A jailed Baptist pastor in Azerbaijan won a partial victory July 29 when a judge decided not to convict him of criminal charges and referred the case back to the prosecutor for further investigation.

“We were partially successful,” the lawyer representing Pastor Hamid Shabanov against criminal charges told the Christian news service Forum 18.

“We called for Shabanov to be acquitted, for an end to the criminal case and for him to be freed,” said Shabanov’s lawyer, Mirman Aliev. “But the judge was afraid to do so and instead sent the case back for further investigation.”

Aliev said the judge ordered the investigation to be completed by Aug. 23, with a new trial presumably to follow.

Shabanov, 52, was arrested June 20 after police in the remote northern village of Aliabad near Azerbaijan’s border with Georgia searched his house and claimed to find an illegal firearm and ammunition. Family members say Shabanov does not own a gun and allege that police planted the evidence in the most recent of systematic efforts to intimidate and harass religious minorities.

Forum 18 has been covering such incidents for years. They include government officials refusing to allow Baptist churches to register in accordance with the law, firing of workers when they are found to be Christian converts and refusal to issue birth certificates for infants with Christian names.

Shabanov’s arrest came three months after another Baptist pastor in the same village was released from prison on charges of resisting arrest that his supporters also claimed were trumped up. Pastor Zauer Balaev was set free in March after a worldwide campaign calling for his release, which included former U.S. President Jimmy Carter.

“Without this international campaign Zaur Balaev would never have been freed,” Ilya Zenchenko, head of Azerbaijan’s Baptist Union, told Forum 18. “Taking his case through the local courts brought us nothing.”

David Coffey, president of the Baptist World Alliance, pledged to similarly “do all we can to publicize among the world family” about Shabanov’s case. He called on global Baptists to pray for the Shabanov family.

BWA General Secretary Neville Callam registered “grave disappointment” at what he viewed as “the denial of religious freedom” by Azerbaijan.

Tony Peck, general secretary of the European Baptist Federation, said he was “shocked and dismayed” at the arrest and appealed to Baptists on the continent to contact their nearest Azerbaijani embassy and protest.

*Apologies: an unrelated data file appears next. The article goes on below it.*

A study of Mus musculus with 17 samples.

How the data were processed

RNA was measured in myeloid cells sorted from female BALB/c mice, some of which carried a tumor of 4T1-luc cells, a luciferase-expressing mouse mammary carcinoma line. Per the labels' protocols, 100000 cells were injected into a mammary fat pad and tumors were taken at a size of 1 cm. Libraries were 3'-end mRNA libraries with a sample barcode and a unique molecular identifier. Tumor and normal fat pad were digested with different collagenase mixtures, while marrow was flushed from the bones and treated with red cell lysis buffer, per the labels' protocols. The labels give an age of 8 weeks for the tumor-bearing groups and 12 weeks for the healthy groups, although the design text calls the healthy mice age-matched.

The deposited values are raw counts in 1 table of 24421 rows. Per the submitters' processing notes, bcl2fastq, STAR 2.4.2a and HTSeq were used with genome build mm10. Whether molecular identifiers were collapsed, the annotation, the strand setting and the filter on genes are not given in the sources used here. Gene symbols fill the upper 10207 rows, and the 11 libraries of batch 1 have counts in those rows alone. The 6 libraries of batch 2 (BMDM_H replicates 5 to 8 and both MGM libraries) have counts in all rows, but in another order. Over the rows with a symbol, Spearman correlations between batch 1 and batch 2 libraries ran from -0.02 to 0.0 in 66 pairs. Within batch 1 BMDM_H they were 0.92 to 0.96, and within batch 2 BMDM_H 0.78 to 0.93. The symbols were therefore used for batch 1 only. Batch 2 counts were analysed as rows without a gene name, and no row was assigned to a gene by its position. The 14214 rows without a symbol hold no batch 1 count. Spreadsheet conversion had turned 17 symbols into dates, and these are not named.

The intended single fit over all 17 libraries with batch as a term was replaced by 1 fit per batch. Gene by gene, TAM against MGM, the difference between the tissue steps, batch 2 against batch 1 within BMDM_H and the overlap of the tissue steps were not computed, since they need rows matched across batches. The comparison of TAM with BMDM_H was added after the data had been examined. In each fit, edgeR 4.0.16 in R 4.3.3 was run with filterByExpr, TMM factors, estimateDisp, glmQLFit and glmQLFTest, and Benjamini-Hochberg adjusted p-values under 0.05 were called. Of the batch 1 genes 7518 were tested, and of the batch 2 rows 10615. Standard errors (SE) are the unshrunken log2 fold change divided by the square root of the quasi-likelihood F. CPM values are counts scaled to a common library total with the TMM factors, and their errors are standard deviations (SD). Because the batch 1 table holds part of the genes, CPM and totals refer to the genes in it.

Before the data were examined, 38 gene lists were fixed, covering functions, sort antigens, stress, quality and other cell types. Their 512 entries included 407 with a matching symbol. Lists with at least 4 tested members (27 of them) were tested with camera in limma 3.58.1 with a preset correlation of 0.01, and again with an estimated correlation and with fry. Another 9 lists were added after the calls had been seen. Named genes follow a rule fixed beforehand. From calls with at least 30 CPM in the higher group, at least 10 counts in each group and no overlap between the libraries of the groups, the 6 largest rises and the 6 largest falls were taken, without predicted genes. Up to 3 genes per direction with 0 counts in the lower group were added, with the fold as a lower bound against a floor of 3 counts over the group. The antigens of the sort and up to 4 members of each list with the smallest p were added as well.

Peck met July 24 with the Czech Republic’s ambassador to Azerbaijan, Tahir T. Taghizadeh, along with Christer Daelender of Sweden, the EBF’s representative for religious freedom issues, and Parush Parushev, a Bulgarian who serves as pro-rector and academic dean at International Baptist Theological Seminary in Prague.

“We presented the case to him. It was an open and cordial conversation. We explained the concerns of the European Baptists with the issues related to religious freedom for Baptists and other religious minorities in Azerbaijan, particularly in the Zakatala District of northwest Azerbaijan,” Parushev said in an e-mail to EthicsDaily.com.

Parushev called it “an open and cordial conversation” and said the ambassador “listened to us carefully and with understanding and promised to investigate the case and to inform the office of the EBF by the beginning of this week.”

Prior to Shabanov’s scheduled trial, which began with a preliminary hearing July 22 and resumed the following week, Zenchenko said prosecutors “very much want to sentence” the pastor.

After the judge’s decision to remand the case, Zenchenko said the deputy police chief reacted angrily, meeting the Baptist leader outside the courtroom and ordering him to the police station for interrogation.

“(Kamandar) Hasanov called me an English spy who acts only for money,” Zenchenko told Forum 18. “He demanded in a threatening manner that I should not return to Zakatala, stop helping local Baptists and that I should abandon my faith.”

Zenchenko said the police official also told him there is a “special instruction” not to allow Baptists to function in Zakatala District, which has a history of restricting religious freedom, not only for Baptists but also other minority groups like Jehovah’s Witnesses.

Shabanov’s village, Aliabad, is a small town near Zakatala of some 10,000 people, made up almost entirely made up of members of the Ingilo minority, ethnic Georgians who were converted to Islam from Orthodox Christianity several centuries ago. Local officials there distrust the Baptists because they view them as unpatriotic.

Hostility from local officials has included references to Karabakh, an Armenian-populated region of Azerbaijan that broke away following a war soon after the Soviet Union collapsed in 1991. Backed by Armenia, the region claims full independence but is not internationally recognized.

Zenchenko said he intends to write Azerbaijan’s president to ask whether such an instruction exists, but he said if it does it probably comes from the local administration and not the president.

Police arresting Shabanov also claimed they confiscated illegal religious literature. Zenchenko testified in court, however, that the books, copies of the Bible in Azeri and Georgian, are approved under Azerbaijan’s controversial censorship of religious literature.

Zenchenko said Shabanov “looked bad” at his July 22 hearing, wearing the same clothes he was wearing when he was arrested a month before. His family was not allowed to bring him food or clothing or to see him prior to his appearance.

Shabanov’s brother told Forum 18 the family is unhappy and wants him to be vindicated and released. “The proceedings are not objective,” said Badri Shabanov. “The whole case is a charade. They’re holding him now at the police station as if he’s a terrorist.”

Bob Allen is managing editor of EthicsDaily.com.